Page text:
Under the Shadow: An Oscar Nomination to Look Out For


Sruti Mamidanna

“Who are the monsters in this film?” was the question posed by Q&A moderator and UCSB Film and Media Studies Professor Anna Brusutti at Thursday’s Pollock Theater screening of Farsi horror film, Under the Shadow.

Producer Lucan Toh and distributor Nate Bolotin had much to share about their experiences creating the film, providing much needed comedic relief and camaraderie after 84 minutes of tension cut by shrapnel screams. In his directorial debut, writer/director Babak Anvari throws the spectator into the war-torn Iran of the 1980s, where monsters are not always the stuff of myths.

Following the film’s opening credits of archival war footage, we get a sense of the gravity of the world we are about to enter. The film builds atmosphere by foregoing stereotypical horror soundtrack fair, instead using a sinister, luring pied-piper sound design that will forever make such innocuous noises as the pop of a toaster sound traumatizing. But the horror in this genre piece is not in its ability to blow eardrums with shrieks and reassuring giggles. Instead, as Wigwam Films co-founder Toh described, the film uses horror as a genre-wrapper to tell a compelling story about Iran’s social, political and cultural issues.

Set against the backdrop of the Iran-Iraq war, we meet the strong-minded Shideh (Narges Rashidi), who despite her buoyant short hair and energetic Jane Fonda exercise regime in front of the family’s illegal VCR, harbors immense dissatisfaction, resentment and sadness behind tired, deep-set eyes. Deciding to remain in bomb-ravaged Tehran against the wishes of her doctor husband with her young daughter, Dorsa (Avin Manshadi), the film’s first half outlines a slew of marital, parental, political and cultural tensions.

As rumors of Iraqi missiles targeting Iranian cities mounts, so do the children’s fearful whispers about the coming of the Djinn, supernatural spirits of Arabic mythology who act upon humans malevolently. By taking one’s personal belongings, the Djinn place their mark on the individual which cannot be erased unless the item is retrieved.

When a missile crashes through the complex, resulting in the disappearance of Dorsa’s treasured doll, Kimia, the film’s second half unleashes the supernatural entities festering in the narrative’s exposition. Bodies climb through cracks, evil lurks under the blanket and the house breathes as a manifestation of the Djinn. By battling her self-doubting demons, Shideh must retrieve Kimia to protect her child against an evil that is deliberately pulling them apart.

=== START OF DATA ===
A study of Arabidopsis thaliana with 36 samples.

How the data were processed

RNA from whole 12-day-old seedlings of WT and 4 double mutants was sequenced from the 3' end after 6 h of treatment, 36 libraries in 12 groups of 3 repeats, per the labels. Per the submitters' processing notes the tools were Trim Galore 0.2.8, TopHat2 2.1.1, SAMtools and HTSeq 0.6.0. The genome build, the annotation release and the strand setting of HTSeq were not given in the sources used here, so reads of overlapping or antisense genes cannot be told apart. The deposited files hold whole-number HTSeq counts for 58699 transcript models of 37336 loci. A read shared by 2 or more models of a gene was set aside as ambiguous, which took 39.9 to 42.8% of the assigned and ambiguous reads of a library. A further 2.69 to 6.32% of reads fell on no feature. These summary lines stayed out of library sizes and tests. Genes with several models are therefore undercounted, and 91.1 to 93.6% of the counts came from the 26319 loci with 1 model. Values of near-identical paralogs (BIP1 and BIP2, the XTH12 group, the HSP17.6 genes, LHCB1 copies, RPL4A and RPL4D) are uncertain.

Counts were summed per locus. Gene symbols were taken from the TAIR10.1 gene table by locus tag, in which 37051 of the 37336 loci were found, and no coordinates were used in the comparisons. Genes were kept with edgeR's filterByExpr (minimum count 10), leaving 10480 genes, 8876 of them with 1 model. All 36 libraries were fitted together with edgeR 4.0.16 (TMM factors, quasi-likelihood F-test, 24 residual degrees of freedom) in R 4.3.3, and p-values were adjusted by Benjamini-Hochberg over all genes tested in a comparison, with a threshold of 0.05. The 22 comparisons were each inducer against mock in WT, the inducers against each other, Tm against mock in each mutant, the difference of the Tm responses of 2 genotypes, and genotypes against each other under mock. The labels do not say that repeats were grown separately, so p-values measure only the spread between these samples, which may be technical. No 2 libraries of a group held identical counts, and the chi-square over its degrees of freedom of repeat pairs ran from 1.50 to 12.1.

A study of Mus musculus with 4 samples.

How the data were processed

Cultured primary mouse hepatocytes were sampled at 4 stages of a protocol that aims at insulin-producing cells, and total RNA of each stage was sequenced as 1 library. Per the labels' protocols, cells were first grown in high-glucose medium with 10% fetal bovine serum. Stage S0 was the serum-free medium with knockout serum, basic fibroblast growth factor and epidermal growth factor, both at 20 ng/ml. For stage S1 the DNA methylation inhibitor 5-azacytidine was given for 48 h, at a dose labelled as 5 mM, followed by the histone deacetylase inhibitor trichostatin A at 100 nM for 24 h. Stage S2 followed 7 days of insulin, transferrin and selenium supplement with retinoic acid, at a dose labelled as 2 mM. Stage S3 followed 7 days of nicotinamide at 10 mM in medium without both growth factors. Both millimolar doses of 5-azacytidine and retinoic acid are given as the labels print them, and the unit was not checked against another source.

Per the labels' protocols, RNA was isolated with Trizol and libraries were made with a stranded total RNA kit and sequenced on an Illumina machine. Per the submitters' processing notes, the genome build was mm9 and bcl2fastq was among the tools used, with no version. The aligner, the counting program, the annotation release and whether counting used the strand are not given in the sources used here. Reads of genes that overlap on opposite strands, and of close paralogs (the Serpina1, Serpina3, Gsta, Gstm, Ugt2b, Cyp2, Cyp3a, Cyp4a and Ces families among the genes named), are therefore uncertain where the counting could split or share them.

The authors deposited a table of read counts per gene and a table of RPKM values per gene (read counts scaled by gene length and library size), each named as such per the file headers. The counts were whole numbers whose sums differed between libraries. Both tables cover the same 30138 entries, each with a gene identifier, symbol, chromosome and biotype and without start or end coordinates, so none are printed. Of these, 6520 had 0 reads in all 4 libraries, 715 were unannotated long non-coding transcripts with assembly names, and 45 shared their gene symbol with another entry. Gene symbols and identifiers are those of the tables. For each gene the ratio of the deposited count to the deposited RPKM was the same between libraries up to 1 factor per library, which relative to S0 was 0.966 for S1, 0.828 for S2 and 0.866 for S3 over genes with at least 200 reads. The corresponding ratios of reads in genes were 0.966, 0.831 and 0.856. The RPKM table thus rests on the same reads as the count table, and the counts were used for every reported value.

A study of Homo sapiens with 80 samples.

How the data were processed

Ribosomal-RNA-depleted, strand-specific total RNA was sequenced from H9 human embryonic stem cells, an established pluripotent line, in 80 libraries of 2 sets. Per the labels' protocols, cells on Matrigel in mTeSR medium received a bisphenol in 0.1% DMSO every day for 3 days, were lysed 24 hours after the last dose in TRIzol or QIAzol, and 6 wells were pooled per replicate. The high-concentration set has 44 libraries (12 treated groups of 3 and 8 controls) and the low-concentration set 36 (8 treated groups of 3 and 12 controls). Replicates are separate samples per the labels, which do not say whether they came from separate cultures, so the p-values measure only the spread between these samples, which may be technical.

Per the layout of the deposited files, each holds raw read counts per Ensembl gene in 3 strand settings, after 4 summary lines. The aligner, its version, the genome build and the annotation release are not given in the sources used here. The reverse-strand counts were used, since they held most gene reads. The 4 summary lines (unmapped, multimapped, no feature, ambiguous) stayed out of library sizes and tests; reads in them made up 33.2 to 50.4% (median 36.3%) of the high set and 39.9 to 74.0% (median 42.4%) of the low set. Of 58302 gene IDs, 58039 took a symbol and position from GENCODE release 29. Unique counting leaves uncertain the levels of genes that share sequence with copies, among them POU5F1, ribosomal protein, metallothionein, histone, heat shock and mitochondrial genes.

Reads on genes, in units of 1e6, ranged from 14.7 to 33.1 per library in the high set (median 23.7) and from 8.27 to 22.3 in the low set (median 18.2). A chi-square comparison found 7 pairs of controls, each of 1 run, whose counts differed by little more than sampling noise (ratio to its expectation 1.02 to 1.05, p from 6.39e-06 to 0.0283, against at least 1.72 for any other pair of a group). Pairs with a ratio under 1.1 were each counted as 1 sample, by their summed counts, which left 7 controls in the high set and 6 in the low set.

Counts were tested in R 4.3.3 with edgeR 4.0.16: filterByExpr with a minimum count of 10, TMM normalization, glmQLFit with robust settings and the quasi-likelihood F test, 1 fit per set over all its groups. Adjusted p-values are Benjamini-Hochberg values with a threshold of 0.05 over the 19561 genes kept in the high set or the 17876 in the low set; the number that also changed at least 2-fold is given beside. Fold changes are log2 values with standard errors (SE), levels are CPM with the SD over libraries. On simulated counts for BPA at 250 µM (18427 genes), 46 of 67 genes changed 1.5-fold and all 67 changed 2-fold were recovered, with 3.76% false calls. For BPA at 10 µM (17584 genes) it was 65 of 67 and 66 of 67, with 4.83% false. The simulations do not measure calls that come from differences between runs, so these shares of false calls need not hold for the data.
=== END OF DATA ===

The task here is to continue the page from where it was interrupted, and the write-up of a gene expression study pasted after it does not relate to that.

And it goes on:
In a scene after her second Djinn encounter, we see Shideh’s reflection in a blank TV mechanically replicating Jane Fonda’s exercise moves in the middle of the night. An awakened Dorsa appears in the background watching her mother. This lingering shot powerfully conveys the struggle to maintain normalcy in chaos, eerily racking between Shideh and Dorsa’s vulnerability, and igniting our own suspicions about each character’s psychological states under the presence of the Djinn.

Seamless weaving between the war and supernatural occurrences drives the story’s historical and psychological elements respectively. Shot in 21 days and premiered at Sundance Film Festival with glowing reception, this Farsi film serves as a strong genre voice from the Middle East; eloquently proving why it is the UK’s Foreign Language Oscar entry for 2016.

Enjoying his warm and nostalgic return to Pollock Theater, UCSB alum Bolotin described how the choice to shoot a subtitled film was deemed financially insane due its difficulty in bringing audiences to theaters. However, Bolotin believes it adds to the story’s authenticity and “uniqueness factor.” Toh chimed in, saying that, “watching the film in English would not have been the same.” Regardless of the film’s numerous interpretive permutations as a horror or feminist political drama, “the content is the heart of film,” declared both Toh and Bolotin.

While the film is reflective of Anvari’s own experiences during the war, the story serves as a tribute to the collective experiences of the people who weathered this tumultuous period in Iran’s history. Under the Shadow is not just about supernatural monsters, but the monsters of war and the monsters created within, for “where there is fear and anxiety, the ‘winds’ (Djinn) blow.” But underneath the political and cultural layer, it’s also a story that creatively uses the tropes of horror to motivate our understanding about relationships, confronting our insecurities and, at the front lines, grappling with the uncertainty around us.